Review: HUMMUS THE MOVIE

A superfood? Super good to eat! A thoughtful documentary explores one of the world’s most popular and idiosyncratic dishes.

In “Hummas the Movie” filmmaker Oren Rosenfeld profiles some of the greatest creators of what many Americans think of as a dip or an appetizer. A special combination of chickpeas, tahini, lemon juice and garlic, we learn quickly that not all hummus is the same. Typically it’s consumed with pita bread and garnished with fresh parsley, cilantro, basil, dill, or even whole chickpeas. Rosenfeld makes hummus his film’s visual focus, showing us so many incarnations that it will leave your mouth watering.

But aside from chronicling the process of making hummus, the documentary introduces three restaurateurs, who credit the food with enhancing their lives both financially and spiritually.

Mouth-watering bowls of hummus on display.

We meet Suheila Al Hindi, a Muslim woman, who took over a restaurant following the death of her father. Suheila’s story is marked by hard work and perseverance in a man’s world. She spends almost every day in the kitchen dishing out bowls and bowls of her colorful award-winning hummus, as hoards of customers wait patiently in long lines before the tiny restaurant.

Rosenfeld puts his camera on Jalil Dabit, a Christian Arab, who assists his father in a family restaurant. His stories of working with his father as a child are endearing. And hummus is always there, making up the fabric of his life.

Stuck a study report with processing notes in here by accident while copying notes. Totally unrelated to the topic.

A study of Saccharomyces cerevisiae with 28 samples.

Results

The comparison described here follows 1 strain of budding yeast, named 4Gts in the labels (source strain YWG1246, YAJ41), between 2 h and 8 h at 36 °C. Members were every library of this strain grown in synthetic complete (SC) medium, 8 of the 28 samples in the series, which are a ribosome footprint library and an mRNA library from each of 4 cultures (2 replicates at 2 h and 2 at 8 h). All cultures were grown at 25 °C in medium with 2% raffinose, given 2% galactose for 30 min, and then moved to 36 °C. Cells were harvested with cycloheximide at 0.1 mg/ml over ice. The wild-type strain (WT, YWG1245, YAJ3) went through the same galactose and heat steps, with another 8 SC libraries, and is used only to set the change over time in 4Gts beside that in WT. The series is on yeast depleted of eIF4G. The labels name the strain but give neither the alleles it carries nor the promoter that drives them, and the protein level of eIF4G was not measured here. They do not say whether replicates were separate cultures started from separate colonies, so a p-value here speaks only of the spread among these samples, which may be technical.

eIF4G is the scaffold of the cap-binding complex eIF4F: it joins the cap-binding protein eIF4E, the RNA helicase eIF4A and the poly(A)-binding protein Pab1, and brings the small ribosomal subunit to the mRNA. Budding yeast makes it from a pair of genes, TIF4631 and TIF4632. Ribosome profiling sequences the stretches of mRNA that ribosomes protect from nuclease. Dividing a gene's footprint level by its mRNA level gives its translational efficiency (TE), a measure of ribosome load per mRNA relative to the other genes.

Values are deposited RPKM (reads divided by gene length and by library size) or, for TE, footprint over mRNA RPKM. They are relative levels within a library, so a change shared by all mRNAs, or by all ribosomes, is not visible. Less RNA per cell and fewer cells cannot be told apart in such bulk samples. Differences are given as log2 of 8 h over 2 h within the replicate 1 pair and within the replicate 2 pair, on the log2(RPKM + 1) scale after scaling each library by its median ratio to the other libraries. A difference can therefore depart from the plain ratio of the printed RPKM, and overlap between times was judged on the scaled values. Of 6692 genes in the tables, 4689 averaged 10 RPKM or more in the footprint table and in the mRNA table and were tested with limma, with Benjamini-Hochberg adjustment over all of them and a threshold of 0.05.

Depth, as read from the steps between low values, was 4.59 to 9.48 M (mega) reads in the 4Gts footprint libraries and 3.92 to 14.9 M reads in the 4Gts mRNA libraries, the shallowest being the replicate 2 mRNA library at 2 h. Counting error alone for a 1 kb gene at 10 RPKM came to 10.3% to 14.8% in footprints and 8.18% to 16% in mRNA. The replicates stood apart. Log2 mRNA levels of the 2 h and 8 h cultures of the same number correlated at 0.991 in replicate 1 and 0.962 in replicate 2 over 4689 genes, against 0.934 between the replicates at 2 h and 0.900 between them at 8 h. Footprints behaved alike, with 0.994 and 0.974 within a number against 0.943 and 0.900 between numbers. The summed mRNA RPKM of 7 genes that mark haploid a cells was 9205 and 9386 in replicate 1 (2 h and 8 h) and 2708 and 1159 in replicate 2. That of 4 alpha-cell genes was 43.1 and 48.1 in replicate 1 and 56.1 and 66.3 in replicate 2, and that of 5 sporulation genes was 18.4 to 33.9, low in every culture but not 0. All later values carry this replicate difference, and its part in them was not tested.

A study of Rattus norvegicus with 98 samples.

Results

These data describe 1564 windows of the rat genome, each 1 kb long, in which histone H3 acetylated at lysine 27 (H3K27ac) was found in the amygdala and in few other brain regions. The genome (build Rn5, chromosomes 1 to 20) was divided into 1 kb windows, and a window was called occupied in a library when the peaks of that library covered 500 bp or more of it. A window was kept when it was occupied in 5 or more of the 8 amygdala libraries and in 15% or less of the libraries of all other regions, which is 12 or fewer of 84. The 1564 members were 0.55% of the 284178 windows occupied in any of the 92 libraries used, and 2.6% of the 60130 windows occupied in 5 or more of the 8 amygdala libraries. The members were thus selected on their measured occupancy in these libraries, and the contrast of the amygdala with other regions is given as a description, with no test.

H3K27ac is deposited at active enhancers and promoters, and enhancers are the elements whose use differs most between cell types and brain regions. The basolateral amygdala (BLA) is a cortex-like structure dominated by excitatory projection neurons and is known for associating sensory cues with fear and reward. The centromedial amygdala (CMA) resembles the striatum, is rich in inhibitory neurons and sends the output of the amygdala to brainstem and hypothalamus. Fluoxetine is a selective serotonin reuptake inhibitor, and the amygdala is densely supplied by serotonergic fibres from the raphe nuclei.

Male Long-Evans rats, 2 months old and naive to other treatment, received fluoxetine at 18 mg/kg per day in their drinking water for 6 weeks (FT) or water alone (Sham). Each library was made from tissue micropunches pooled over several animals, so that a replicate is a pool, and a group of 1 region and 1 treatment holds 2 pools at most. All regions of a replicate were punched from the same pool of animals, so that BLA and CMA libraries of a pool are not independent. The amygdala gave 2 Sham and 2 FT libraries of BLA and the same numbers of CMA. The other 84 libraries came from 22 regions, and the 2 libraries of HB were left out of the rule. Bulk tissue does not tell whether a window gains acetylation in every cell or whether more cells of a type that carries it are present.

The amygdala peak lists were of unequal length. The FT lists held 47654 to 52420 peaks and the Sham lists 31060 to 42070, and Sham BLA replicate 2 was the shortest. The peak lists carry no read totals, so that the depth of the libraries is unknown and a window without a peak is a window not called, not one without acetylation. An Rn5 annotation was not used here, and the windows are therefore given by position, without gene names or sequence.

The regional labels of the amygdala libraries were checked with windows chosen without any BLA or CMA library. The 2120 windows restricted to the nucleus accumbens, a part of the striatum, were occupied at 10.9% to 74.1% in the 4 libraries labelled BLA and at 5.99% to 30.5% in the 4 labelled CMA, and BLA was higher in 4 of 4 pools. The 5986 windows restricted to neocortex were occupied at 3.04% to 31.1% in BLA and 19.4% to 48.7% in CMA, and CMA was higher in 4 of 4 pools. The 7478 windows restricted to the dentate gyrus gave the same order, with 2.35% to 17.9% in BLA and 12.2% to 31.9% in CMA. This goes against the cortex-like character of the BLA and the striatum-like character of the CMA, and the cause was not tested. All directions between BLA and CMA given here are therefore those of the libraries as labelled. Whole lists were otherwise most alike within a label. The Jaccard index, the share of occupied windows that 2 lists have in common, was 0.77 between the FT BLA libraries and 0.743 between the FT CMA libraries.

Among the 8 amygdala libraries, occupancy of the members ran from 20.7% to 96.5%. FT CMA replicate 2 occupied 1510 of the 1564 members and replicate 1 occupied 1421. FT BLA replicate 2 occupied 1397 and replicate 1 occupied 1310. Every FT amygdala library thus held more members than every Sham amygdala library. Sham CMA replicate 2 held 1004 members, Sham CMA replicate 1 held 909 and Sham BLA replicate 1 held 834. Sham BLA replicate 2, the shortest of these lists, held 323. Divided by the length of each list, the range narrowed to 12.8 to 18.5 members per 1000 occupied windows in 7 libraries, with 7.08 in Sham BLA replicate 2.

Eliyahu Shmueli credits hummus with saving his life.

Finally, restaurateur Eliyahu Shmueli tells us how hummus saved him. At one point, Eliyahu was aimless, living in a caravan with his future wife. He desperately needed balance. While his wife and family are most important, he credits hummus as a key part of his awakening. And this combined not only with family, but gels with his relationship with martial artist and Raggamuffin and Hip Hop musician Aluf Abir. Gaining a whole new mindset, his success is impressive, and Eliyahu becomes a hummus entrepreneur. His hummus empire is expanding with many restaurants.

Raggamuffin and Hip Hop musician Aluf Abir
extols the cultural significance of hummus.

In addition to covering those tasked with making the food, Rosenfeld spends time with Olivier, a French Benedictine Monk, who admits to not being a very good cook. In fact, the other monks encouraged him not to make food, even when his turn at the monastery came round. That’s when he turned to hummus and started sampling the local varieties, later sharing it with his fellow monks. Having lived in the region for over 30 years, Olivier is a hummus gourmand, an unofficial authority on the stuff. The uniting power of food is undeniable, as we see the formally dressed, calm and proper monks chowing down on hummus made by chefs, who don’t likely share in their religious beliefs.

By skipping around the Middle East, director Rosenfeld provides us with a colorful hummus travelogue. And we get an intimate, greater understanding of the place the food has in the lives of the people there. It’s a spirited film, filled with nice moments of insight into matters of the stomach.